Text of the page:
Keck Medicine of USC vaccinates elderly relatives of hospital staff

Roughly 300 family members of Keck Medicine’s environmental services, cafeteria and warehouse workers were vaccinated over the weekend in an effort to further combat COVID-19 disparities in L.A.

January 25, 2021 Grayson Schmidt

In an effort to increase vaccination access for residents of nearby communities, Keck Medicine of USC held a vaccine clinic over the weekend for the 65-plus family members of its environmental services workers — those that clean the hospital rooms — as well as cafeteria and warehouse workers.

“Equitable access to the COVID-19 vaccine has been a priority from the outset at a global, national and state level,” said Felipe Osorno, Keck Medicine’s executive administrator of continuum of care operations and value improvement.

“Keck Medicine has been extremely judicious in following the prioritization guidelines set by the Centers for Disease Control and Prevention and the Los Angeles Department of Public Health.”

Roughly 300 people were given the Pfizer vaccine at the USC Norris Healthcare Center on Saturday, at no cost to them. As of Monday, 65% of Keck Medicine’s overall staff had been vaccinated and more than 80% of its physicians had been as well.

Keck Medicine of USC looks to learn from COVID disparities

Family Vaccines
Salas was one of 300 people were given the Pfizer vaccine at the USC Norris Healthcare Center on Saturday. (Photo/Ricardo Carrasco III)

After looking at early vaccination rates, Osorno said he realized that certain teams at Keck Medicine had much lower rates — 20% to 40% — compared to their overall average. These teams — including environmental services, cafeteria, valet and parking operations — are comprised mostly of Latino and Black workers.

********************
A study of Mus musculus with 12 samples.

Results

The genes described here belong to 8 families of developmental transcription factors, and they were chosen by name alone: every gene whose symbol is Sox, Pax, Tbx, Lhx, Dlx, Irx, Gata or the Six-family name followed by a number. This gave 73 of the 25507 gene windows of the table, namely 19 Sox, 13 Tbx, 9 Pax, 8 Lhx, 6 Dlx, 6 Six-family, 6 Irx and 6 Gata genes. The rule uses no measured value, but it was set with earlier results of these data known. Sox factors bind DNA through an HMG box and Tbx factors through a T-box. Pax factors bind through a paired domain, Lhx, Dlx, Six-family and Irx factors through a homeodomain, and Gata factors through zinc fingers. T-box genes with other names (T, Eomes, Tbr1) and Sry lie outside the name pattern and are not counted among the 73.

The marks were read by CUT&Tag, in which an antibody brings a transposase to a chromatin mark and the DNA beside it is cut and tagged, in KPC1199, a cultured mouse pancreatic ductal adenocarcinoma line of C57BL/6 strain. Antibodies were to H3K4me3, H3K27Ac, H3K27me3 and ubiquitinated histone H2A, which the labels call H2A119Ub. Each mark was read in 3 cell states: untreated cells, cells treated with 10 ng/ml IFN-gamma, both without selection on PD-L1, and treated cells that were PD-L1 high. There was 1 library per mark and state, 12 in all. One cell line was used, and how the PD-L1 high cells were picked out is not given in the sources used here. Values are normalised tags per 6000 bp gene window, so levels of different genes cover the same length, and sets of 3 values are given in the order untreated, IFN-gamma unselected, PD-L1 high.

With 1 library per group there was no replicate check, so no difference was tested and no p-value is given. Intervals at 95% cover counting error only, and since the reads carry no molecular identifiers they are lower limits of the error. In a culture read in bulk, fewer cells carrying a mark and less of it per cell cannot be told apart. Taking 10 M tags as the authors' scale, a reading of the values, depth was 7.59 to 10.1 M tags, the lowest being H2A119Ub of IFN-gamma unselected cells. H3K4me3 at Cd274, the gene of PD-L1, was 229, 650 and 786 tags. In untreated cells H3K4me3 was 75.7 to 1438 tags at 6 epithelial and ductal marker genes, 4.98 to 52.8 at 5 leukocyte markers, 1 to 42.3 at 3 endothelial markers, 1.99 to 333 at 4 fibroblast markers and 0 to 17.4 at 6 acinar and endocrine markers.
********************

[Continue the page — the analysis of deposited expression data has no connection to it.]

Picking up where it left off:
With large Latino populations in the neighborhoods surrounding Keck Medicine, and the disproportionate impact COVID-19 has on Latino and Black communities, efforts to quickly vaccinate community members — many of which live in multigenerational households — are crucial. Earlier this month, the Los Angeles Times reported that the COVID-19 mortality rate among Latino residents jumped from 3.5 daily deaths for every 100,000 people in early November to 28 deaths per day in January. Among Black residents, it jumped from one to more than 15 deaths a day.

“These facts prompted us to act and initiate specific outreach to the most vulnerable,” Osorno said.

As of Sunday, L.A. County had reported 1,073,111 coronavirus cases. During a Monday briefing, the county also reported that the total number of COVID-19 deaths had passed 15,000 over the weekend.

Vaccinations for family of staff: one step of many for USC

Almost as important as vaccine access is educating potential recipients and combating misinformation. As such, Keck Medicine conducted in-person briefings for EVS workers in English and Spanish, during which they were able to ask questions about the vaccine, the process and any other concerns they might’ve had.

Keck Medicine plans to hold additional vaccine clinics moving forward.

“We are extremely proud of the gigantic team effort across our organization to make this a reality,” Osorno said. “Seeing so many folks in our immediate community in Boyle Heights get vaccinated was very emotional. It reminded me of my parents and grandparents, who are awaiting access to vaccination in South America.

“This is only the first step,” he added. “We will continue to develop ways to tackle deeply rooted health care inequities.”